Client: Trafalgar House
Property Limited, part of Kvaerner ASA
PR Team: In-House(Kvaerner Corporate Communications)
Campaign: Press conference to unveil the proposal for the London
Time: 9 September, 1996
Budget: pounds 75,000
On the 9 September proposals for the London Millennium Tower were
announced at a press conference at the Queen Elizabeth II Conference
Centre. Designed by Sir Norman Foster, the proposed Millennium Tower
consists of a 92-storey office tower on the site of the Baltic Exchange,
which was badly damaged by an IRA bomb in 1992.
At 1,265ft, the building would be the tallest in Europe, with 1.5
million sq ft of usable space for offices, dealing floors, apartments,
restaurants, cafes and gardens as well as a proposed public viewing
Funding for the building is to be raised from external investors and an
anchor tenant, who has already agreed to lease in excess of 600,000 sq
To generate debate on the London Millennium Tower project, prior to
submission of a planning application to the London Corporation.
A total of 120 journalists and 12 TV crews were invited to the press
conference at very short notice, the intention being to add an air of
mystery to the event. Consequently journalists arrived without the
benefit of a pre-briefing or prepared questions.
The conference took the form of a slide presentation, hosted by Sir
Norman Foster who explained the rationale behind the scheme.
According to Paul Emberley, head of corporate communications at
Kvaerner, Sir Norman Foster’s ‘personal influence’ and his reputation
for designing ‘landmark’ buildings played a major part in his company
winning the contract.
At the conference Foster described the project as ‘following in
historical tradition’ adding that its ‘elegantly slim’ form would make
it ‘more subtle’ than ‘yet another boring, four-square imposition’.
Following the conference the press were taken to the Baltic Exchange
site, a listed building which will have to be demolished if the
Millennium Tower is to be constructed.
The press coverage generated was extensive, with all the national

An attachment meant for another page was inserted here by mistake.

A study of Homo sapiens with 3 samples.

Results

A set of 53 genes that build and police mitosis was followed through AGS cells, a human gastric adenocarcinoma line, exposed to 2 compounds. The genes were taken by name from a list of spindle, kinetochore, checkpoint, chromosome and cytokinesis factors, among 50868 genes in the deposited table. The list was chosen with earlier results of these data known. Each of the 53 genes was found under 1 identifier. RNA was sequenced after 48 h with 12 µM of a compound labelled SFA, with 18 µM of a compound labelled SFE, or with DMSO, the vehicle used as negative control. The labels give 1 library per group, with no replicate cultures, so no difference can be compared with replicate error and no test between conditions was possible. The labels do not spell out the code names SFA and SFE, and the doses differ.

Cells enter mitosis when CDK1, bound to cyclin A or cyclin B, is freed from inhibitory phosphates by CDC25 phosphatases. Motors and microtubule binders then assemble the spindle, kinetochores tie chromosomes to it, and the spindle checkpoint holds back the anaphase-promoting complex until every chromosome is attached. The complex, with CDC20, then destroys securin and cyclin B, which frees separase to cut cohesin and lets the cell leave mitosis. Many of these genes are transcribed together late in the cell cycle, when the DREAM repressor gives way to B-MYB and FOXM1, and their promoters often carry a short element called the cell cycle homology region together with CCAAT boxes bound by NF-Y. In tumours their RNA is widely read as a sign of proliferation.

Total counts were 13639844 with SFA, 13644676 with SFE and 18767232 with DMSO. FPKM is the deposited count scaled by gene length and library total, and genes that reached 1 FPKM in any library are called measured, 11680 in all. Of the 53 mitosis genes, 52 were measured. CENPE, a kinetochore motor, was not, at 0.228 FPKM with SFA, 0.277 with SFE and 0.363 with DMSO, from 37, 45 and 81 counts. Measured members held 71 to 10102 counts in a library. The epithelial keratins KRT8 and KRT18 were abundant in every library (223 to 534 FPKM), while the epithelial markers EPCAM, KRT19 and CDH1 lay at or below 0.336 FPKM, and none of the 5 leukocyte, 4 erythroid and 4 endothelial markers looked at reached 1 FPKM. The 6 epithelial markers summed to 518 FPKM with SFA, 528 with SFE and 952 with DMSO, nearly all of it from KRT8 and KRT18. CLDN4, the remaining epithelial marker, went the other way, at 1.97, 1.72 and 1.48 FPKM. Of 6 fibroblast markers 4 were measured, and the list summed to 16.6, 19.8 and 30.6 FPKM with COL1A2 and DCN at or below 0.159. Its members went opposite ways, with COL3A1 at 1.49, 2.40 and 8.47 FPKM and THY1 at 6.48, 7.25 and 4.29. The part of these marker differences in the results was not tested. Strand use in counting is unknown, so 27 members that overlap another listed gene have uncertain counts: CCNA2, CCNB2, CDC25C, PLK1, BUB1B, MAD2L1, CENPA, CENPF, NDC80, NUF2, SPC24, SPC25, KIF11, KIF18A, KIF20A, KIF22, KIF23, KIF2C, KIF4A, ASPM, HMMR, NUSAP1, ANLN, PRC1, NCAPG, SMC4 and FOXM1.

newspapers carrying the story and extensive news bulletins aired on the
main BBC programmes during the day, Newsnight and ITN.
The proposal also stimulated additional features on related subjects
ranging from architecture and office space to community affairs.
The tone of the coverage was mixed. The most compelling argument put
forward for the tower was its commercial value as demand grows for large
areas of office space among financial sector tenants and some
journalists felt the Millennium Tower will add to the City’s image as a
Conversely there were cries that every other European city had retained
its traditional skyline and the Tower would dominate the London skyline,
pushing St Paul’s aside and ruining the City’s historic streets.
Kvaener’s announcement certainly stimulated the desired debate, although
the press were divided on the project’s merits. However, Emberley, says
that company was pleased with the media response.
The press conference however drew some media criticism, starting late as
it did, with little or no information available prior to the
announcement. The general consensus among journalists was that the
presentation itself was too long and technical.
What impact the press coverage will have on the planning application -
particularly if rumours that the Baltic Exchange may take legal action
against English Heritage and City Corporation if the proposed
redevelopment is allowed, are correct - will not be clear until the
application is processed early next year.